From the UUA’s Braver/Wiser

From the UUA’s Braver/Wiser

Communion and Sustenance
Rev. Tania Márquez
“Food for us comes from our relatives, whether they have wings or fins or roots. That is how we consider food. Food has a culture. It has a history. It has a story. It has relationships.”
—Winona LaDuke
My mom does not keep a recipe book. Every meal she made was made from memory and intuition. No measuring cups: only the knowledge of her eyes and hands that could measure the exact amount of spices or ingredients needed for the food. And her food was always perfect!

When I attempted to learn her recipes, I asked her to teach me and she invited me to watch her, but she would cook so fast that I would often miss steps or ingredients. I gave up. I found it impossible to learn that way. Many years later, as my mom’s aging became more noticeable to me, I once again decided to learn some of her recipes. She was visiting once and I asked her to make enchiladas. This time, instead of trying to take notes, I decided to take pictures of every part of the process: boiling to hydrate the dried chilies, put them in the blender with clove and cinnamon, add water, bring to a boil, add pilloncillo and some corn starch to thicken the sauce. Then work on the filling. The sweet smell of the sauce filled the air in my kitchen and awoke the memories of my children who soon rushed to find out what was cooking.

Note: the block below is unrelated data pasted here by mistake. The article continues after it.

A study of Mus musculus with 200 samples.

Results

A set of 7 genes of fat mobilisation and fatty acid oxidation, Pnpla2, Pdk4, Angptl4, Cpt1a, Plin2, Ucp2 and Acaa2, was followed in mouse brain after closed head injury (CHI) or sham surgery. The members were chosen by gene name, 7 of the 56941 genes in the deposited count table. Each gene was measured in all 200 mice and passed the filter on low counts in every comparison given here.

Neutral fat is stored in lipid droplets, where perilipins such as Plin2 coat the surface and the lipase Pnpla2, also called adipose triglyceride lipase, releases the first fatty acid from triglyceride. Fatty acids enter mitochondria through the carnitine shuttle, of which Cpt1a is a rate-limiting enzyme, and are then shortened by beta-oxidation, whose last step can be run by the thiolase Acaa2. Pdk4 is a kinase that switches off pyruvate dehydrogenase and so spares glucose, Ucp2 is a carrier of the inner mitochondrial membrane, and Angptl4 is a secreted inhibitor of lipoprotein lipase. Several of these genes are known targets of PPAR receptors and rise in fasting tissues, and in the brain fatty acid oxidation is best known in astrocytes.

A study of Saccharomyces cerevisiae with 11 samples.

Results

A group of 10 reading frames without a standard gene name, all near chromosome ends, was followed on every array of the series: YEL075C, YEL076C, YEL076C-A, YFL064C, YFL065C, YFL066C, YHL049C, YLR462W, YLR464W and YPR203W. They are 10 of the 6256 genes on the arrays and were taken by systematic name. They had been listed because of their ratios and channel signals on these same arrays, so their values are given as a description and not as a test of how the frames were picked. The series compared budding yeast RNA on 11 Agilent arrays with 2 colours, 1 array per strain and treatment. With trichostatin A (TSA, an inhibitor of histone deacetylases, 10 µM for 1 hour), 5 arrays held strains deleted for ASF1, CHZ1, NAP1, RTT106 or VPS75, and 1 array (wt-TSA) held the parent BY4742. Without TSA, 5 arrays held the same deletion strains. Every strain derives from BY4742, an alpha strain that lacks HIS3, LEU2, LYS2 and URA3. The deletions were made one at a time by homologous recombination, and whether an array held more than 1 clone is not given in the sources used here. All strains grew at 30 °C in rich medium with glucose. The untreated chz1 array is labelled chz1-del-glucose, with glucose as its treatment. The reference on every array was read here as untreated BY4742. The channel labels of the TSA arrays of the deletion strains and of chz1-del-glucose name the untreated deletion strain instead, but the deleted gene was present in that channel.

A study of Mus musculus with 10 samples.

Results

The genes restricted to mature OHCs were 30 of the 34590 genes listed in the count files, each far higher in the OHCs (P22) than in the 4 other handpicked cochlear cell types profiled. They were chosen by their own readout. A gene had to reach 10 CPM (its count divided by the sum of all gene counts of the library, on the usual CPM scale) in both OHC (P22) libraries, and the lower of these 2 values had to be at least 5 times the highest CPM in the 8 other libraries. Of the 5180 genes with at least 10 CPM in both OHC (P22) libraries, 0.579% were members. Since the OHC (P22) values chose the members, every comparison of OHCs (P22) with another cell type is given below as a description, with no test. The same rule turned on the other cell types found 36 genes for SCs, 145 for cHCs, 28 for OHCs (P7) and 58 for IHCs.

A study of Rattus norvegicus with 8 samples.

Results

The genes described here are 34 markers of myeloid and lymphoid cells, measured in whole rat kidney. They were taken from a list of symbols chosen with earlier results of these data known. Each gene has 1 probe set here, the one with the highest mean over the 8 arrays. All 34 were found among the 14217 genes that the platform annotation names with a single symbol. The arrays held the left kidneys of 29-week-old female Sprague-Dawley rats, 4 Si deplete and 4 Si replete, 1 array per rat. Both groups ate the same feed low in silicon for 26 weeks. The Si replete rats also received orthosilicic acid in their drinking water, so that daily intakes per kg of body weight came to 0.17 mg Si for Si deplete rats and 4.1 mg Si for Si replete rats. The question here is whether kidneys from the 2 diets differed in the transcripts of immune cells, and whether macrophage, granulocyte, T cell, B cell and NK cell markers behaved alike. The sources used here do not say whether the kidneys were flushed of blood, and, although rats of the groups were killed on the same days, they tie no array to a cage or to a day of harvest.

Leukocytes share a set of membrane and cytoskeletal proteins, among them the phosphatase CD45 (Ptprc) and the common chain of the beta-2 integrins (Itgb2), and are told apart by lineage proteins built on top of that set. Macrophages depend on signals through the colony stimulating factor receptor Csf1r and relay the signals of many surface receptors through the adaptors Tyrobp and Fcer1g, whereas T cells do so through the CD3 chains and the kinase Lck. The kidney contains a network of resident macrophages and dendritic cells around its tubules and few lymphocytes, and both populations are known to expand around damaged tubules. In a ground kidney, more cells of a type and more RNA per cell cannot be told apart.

This is a recipe from our region of origin, a recipe created in valleys and mountains of the southeast part of Jalisco, in the area near the volcano. It is the recipe my mom learned from my grandmother, and that my grandmother learned from my great-grandmother and so on. I make it from time to time. I don’t have exact measurements so I am still in the process of intuiting the right amount of ingredients but I notice my progress every time. I have been able to recreate other meals with success, but the enchiladas have been challenging. Still, the smell of the chilies and spices together bring back the memories of family meals and shared moments. In the spaces between each step of the process, I add prayers and blessings to the food, as I know my mom and grandmothers did, too.

Food is nourishment and cultura; it carries the love, wisdom, and stories of survival of a people. When I cook the meals I learned from my mother, I am in communion with life and with my ancestors and I receive sustenance for the body and the spirit.
May every meal bring you nourishment of body and spirit. May every pause to eat remind you of your connection to others. May gratitude be the only response for the gift of food and all the love and work behind it.